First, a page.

Senior Molly Brandenburg and a few friends from Pitt were on spring break in Nashville when the news came that they wouldn’t get to return to campus for the remainder of their final semester.
“It was better because we were all together at the time when we first found out,” said Brandenburg, who will graduate with degrees in chemistry and anthropology, conferred in a virtual celebration on Sunday. “But the hardest part was not having my last class, the loss of a graduation weekend. You plan your whole schedule around it, and now there’s no closure.”
Part of being a student ambassador means sharing her Pitt experience, good and bad, with current and prospective Dietrich School students on Instagram. Brandenburg and her 15 peers represent the school at open houses. They serve as resources for high school students with questions. They post about concerts and travels and what they love about Pitt. Their DMs are open.
The result is an inside look at life as a student.
“How involved I got at Pitt is something I’m really proud of,” said Brandenburg, which is a feeling fellow ambassador Joanna Harlacher shares.
The move to finishing the semester remotely has been “melancholy” for Harlacher, home in Lancaster, Pennsylvania, now. But she’s grateful for the professors who have restructured classes to be asynchronous and “more accessible to us while working from home. I’m so glad they’ve been so flexible.”
“This time can be isolating but really it’s an opportunity to reach out to people,” said Harlacher. “Make an effort to stay connected.”
Choosing Pitt and making the most of it
“Being pre-med, I wanted somewhere with great STEM programs,” Brandenburg said. “My high school had a big football team, so I also wanted that big student experience. Having something that the entire campus rallies around was really important to me. We’re known for sports, but there’s also so much more to Pitt than the football field,” she added. “Everyone’s part of some student organization.”
Brandenburg gained expertise in research, internships, volunteering and Greek life. She studied abroad for six weeks in the Himalayas. She became president of Delta Phi Epsilon sorority and helped Student Affairs design welcome week for incoming students as a First Year Mentor. She’s currently working part time as a medical assistant at UPMC Children’s Hospital of Pittsburgh.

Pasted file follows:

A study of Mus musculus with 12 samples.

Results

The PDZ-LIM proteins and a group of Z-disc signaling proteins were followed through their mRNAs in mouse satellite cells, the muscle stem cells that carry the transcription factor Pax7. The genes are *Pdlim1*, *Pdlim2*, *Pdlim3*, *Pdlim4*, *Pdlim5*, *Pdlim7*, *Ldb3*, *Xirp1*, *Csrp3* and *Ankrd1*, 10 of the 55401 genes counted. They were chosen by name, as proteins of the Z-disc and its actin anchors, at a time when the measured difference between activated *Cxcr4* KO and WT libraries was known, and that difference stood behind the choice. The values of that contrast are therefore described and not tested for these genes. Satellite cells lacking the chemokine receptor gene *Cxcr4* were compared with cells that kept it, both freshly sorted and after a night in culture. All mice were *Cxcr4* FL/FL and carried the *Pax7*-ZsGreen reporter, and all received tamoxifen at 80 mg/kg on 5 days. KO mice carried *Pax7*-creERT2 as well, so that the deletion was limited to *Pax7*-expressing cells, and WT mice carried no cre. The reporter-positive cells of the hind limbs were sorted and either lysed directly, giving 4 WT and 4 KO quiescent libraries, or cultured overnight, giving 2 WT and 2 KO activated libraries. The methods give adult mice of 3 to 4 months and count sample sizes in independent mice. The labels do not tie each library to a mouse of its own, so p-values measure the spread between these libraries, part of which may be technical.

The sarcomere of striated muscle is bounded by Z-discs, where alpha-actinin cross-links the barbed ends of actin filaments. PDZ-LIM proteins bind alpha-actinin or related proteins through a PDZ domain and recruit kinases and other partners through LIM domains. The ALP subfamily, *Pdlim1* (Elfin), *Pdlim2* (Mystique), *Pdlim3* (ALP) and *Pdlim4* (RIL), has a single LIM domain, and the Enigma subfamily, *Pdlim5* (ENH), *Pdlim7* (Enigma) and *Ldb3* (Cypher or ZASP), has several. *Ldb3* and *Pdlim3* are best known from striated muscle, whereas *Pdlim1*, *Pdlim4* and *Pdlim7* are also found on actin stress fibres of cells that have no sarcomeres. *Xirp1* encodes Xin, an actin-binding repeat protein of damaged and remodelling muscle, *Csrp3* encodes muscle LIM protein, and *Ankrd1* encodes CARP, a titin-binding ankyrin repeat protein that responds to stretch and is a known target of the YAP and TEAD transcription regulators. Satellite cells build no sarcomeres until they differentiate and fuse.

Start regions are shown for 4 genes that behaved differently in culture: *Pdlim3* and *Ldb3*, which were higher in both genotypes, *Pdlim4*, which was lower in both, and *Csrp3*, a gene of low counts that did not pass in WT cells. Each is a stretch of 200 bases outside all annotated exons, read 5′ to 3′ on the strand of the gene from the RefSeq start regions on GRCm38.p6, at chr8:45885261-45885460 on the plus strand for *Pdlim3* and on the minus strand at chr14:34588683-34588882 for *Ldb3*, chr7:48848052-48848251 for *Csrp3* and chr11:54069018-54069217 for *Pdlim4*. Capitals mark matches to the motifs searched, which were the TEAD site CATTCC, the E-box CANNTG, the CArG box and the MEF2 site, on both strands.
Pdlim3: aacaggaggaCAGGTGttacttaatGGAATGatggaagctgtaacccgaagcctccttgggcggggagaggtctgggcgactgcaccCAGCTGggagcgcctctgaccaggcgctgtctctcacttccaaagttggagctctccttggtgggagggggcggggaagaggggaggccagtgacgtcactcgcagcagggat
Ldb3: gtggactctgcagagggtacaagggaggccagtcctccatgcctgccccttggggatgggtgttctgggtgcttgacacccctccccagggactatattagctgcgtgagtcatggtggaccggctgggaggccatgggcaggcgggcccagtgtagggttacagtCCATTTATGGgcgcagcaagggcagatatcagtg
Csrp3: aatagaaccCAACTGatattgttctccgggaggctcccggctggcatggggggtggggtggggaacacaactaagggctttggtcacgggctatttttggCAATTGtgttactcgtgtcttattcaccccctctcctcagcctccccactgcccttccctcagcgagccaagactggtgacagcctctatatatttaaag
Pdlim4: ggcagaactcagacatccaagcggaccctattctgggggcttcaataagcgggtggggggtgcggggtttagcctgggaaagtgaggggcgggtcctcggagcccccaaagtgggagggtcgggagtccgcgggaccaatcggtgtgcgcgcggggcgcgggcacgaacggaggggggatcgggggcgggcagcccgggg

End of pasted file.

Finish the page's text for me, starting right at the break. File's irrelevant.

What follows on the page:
Interested in medicine and still figuring out which path is the right one for her, Brandenburg plans on staying in Pittsburgh after graduation and interviewing for clinical research positions. She’s particularly passionate about pediatric oncology. “There’s a lot of hope in that department,” she said. “Everyone has a connection to cancer research.”
Harlacher said some notable experiences of her Pitt journey include a First Experience in Research with Pitt’s Visual Media Workshop and contributing to the Itinera database, a map-based resource from the Department of Art and Architecture.
This fall, she interned as a research assistant at the Carnegie Museum of Natural History, where she worked with an assistant curator on an upcoming exhibition about gender biases in the natural world. Using the anonymous feminist art group Guerilla Girls as inspiration for revealing inequalities, she proposed exhibition concepts to feature female scientists such as Joan Roughgarden, Lynn Margulis and Jane Goodall.
Harlacher will begin a position as a recruitment coordinator for the Dietrich School after graduating, where she’ll continue working with student ambassadors, this time as an alum and Pitt employee.
Brandenburg said she looks forward to returning to campus for Homecoming 2020. “Everyone I’ve talked to is planning on making it a big last hurrah,” she said. And she and Harlacher know an in-person commencement is forthcoming.
In the meantime, Sunday will be one of the first virtual celebrations of the graduating Class of 2020 in the country. Tune in at 11:30 a.m. ET.